Supreme Court upholds use of independent panels for redistricting


Justice Anthony Kennedy served as the swing vote in the 5-4 decision, siding with the liberal justices in allowing Arizona and other states to use independent redistricting commissions in order to combat partisan gerrymandering. 
{mosads}The case stemmed from a ballot referendum in Arizona that delegated redistricting to an independent commission made up of two members of each political party and one independent. That measure passed with 56 percent of the vote in 2000. 

Arizona lawmakers sued and argued that the new framework violates the Constitution, which leaves the “time, place and manner of holding elections” specifically to the legislature. But Justice Ruth Bader Ginsburg’s opinion shot that down in an opinion that frames the initiative as a valid form of “direct democracy.”

“The Framers may not have imagined the modern initiative process in which the people’s legislative power is coextensive with the state legislature’s authority, but the invention of the initiative was in full harmony with the Constitution’s conception of the people as the font of governmental power,” she wrote. 

“Banning lawmaking by initiative to direct a State’s method of apportioning congressional districts would do more than stymie attempts to curb partisan gerrymandering, by which the majority in the legislature draws district lines to their party’s advantage. It would also cast doubt on numerous other election laws adopted by the initiative method of legislating.”

Democrats had accused the Legislature of seeking to overturn the commission solely for partisan reasons, while the Republican-controlled Legislature had argued that it should have the sole power to draw congressional boundaries.

While the decision specifically dealt with Arizona, a ruling striking down the commission could have thrown dozens of congressional districts into doubt ahead of the 2016 elections. California also established its own redistricting commission through a ballot initiative, as have a handful of other states.

By siding against the Arizona Legislature, the court keeps those districts intact.

That’s good news for Rep. Kyrsten Sinema (D-Ariz.), who would have likely been shut out of a congressional seat if the Arizona Legislature had been given the chance to place large blocs of Republican voters into her district.

The ruling also potentially sets up Rep. Martha McSally (R-Ariz.) for another tough election race. She defeated incumbent Rep. Ron Barber (D), Rep. Gabrielle Giffords’s former aide who replaced her in the seat after she was shot, by less than 200 votes. If the Legislature had won, it could have given her an easier road to reelection by adding Republican voters to her district.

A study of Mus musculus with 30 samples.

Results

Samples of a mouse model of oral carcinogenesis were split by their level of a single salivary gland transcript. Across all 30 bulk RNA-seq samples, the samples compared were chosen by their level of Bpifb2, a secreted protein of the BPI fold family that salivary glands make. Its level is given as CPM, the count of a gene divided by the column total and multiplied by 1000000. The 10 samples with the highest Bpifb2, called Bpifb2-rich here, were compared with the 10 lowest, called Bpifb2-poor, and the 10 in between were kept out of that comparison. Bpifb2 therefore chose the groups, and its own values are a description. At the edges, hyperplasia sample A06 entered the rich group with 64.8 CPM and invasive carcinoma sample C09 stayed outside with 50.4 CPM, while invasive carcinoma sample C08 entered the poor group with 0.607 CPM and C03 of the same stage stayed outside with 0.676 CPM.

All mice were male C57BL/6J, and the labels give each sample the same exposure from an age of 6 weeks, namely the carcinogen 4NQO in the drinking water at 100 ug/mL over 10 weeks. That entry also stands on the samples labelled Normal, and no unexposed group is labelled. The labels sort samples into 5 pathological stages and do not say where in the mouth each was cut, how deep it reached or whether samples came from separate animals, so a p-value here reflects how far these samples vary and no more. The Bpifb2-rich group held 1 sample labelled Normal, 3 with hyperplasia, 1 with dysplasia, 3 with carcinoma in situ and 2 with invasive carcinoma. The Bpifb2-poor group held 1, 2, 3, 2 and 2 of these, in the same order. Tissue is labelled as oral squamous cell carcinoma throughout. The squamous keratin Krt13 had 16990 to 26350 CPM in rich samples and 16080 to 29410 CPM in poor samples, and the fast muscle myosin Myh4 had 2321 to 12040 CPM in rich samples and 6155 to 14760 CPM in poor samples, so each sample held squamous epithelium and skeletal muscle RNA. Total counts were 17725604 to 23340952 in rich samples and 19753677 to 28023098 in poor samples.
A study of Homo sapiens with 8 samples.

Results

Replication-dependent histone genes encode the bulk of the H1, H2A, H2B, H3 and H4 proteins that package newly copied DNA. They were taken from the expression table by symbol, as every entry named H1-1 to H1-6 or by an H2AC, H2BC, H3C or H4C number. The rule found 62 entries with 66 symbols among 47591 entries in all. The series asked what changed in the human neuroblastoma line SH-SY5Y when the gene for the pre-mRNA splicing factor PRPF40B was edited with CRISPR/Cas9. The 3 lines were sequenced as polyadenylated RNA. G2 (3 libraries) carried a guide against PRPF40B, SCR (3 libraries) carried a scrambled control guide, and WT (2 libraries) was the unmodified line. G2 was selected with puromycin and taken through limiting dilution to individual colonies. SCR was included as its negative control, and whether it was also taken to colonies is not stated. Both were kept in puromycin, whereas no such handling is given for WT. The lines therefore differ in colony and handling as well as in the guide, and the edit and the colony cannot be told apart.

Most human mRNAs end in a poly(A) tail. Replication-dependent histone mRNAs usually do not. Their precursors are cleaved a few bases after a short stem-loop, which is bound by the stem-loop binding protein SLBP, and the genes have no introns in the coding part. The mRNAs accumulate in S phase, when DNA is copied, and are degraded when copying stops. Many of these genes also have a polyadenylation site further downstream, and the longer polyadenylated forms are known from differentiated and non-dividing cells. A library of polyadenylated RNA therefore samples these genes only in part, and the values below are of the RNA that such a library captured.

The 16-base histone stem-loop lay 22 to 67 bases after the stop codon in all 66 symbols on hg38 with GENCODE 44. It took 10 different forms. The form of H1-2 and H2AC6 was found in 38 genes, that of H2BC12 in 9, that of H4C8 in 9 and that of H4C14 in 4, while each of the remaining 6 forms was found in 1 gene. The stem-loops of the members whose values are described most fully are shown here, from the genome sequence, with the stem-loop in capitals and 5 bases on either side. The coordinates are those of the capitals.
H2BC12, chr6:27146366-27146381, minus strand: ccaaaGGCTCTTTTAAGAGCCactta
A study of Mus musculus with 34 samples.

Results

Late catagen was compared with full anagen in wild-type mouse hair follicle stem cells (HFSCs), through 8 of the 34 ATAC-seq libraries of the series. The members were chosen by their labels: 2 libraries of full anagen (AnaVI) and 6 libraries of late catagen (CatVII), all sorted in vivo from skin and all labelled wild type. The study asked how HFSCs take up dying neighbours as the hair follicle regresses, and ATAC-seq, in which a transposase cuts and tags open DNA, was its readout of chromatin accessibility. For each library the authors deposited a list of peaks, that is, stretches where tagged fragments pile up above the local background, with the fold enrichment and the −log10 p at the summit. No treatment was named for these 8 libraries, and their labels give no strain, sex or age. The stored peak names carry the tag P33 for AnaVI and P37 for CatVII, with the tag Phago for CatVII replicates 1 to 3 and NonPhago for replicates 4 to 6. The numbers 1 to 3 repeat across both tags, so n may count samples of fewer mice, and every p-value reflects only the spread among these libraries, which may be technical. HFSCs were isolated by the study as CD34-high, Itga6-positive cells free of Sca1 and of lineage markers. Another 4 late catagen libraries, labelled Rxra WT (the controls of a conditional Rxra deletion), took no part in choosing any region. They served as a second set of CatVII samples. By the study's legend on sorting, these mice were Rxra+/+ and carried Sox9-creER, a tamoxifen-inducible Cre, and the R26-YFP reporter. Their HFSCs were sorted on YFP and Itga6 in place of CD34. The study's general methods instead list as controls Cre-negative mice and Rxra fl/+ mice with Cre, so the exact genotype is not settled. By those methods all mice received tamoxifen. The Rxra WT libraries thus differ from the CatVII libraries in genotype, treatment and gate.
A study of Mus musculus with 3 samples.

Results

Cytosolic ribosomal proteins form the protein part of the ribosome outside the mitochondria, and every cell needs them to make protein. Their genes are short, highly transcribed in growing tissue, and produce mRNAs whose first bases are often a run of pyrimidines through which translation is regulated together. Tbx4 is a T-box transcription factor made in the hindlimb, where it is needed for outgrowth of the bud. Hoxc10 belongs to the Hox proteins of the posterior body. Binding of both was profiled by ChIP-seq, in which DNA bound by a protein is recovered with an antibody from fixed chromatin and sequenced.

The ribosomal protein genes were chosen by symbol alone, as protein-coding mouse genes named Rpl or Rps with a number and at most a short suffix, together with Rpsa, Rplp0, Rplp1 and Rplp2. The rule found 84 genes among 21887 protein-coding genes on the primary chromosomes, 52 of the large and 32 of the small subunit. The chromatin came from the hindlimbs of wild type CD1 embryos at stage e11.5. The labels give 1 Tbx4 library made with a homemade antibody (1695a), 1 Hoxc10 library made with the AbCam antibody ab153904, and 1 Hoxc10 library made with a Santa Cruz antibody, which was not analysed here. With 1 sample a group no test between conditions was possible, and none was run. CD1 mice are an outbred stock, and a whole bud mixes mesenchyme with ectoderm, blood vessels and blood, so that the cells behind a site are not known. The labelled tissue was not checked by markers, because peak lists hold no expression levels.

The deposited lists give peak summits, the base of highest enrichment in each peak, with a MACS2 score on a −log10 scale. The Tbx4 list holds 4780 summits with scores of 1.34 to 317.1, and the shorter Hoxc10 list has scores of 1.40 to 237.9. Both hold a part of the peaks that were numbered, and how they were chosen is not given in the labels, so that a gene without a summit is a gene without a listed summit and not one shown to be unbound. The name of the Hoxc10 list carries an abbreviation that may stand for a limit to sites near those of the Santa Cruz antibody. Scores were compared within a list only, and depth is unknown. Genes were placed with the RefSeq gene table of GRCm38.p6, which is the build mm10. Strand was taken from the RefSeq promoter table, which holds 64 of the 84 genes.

Sinema praised the decision as “a victory for all Arizonans” in a statement to The Hill.

“Our constituents want and deserve competitive elections and responsive representatives,” she said. “I’m pleased that the Court has heard and respected the voice of all Arizonans.”

McSally said she respects the decision and looks “forward to continuing to represent the people of Arizona’s 2nd District” in a statement.

Monday’s decision, grouped with rulings on lethal injection and environmental regulations, and following a landmark ruling on same-sex marriage, closes out a contentious court term that brought strongly worded dissents from justices in the minority.

Justice Clarence Thomas used his opinion to chide the Court for thinking it is the “great defender of direct democracy in the states” after it ruled to overturn gay marriage bans enacted through the legislative process in a number of states.

“These sentiments are difficult to accept. The conduct of the Court in so many other cases reveals a different attitude toward the States in general and ballot initiatives in particular,” he said, just before specifically citing the same-sex marriage case Obergefell v. Hodges. It was the first time a Supreme Court opinion had cited the landmark case legalizing same-sex marriage.

“Just last week, in the antithesis of deference to state lawmaking through direct democracy, the Court cast aside state laws across the country—many of which were enacted through ballot initiative—that reflected the traditional definition of marriage.”

J. Gerald Hebert, the executive director of the Campaign Legal Center which authored a friend of the court brief supporting the commission, praised the court in a statement.

“Today’s decision is a victory for representative democracy and a sharp rebuke to the Arizona legislators who sued to overturn the popular will of the state’s citizens in order to regain their ability to handpick their constituents and safeguard their seats through blatant political gerrymanders,” he said.   

“We are pleased that the Supreme Court ruled in favor of voters over their elected officials, but disappointed to see four Justices willing to deny voters a fair chance to choose their own representatives.”

This story was updated at 12:58 p.m.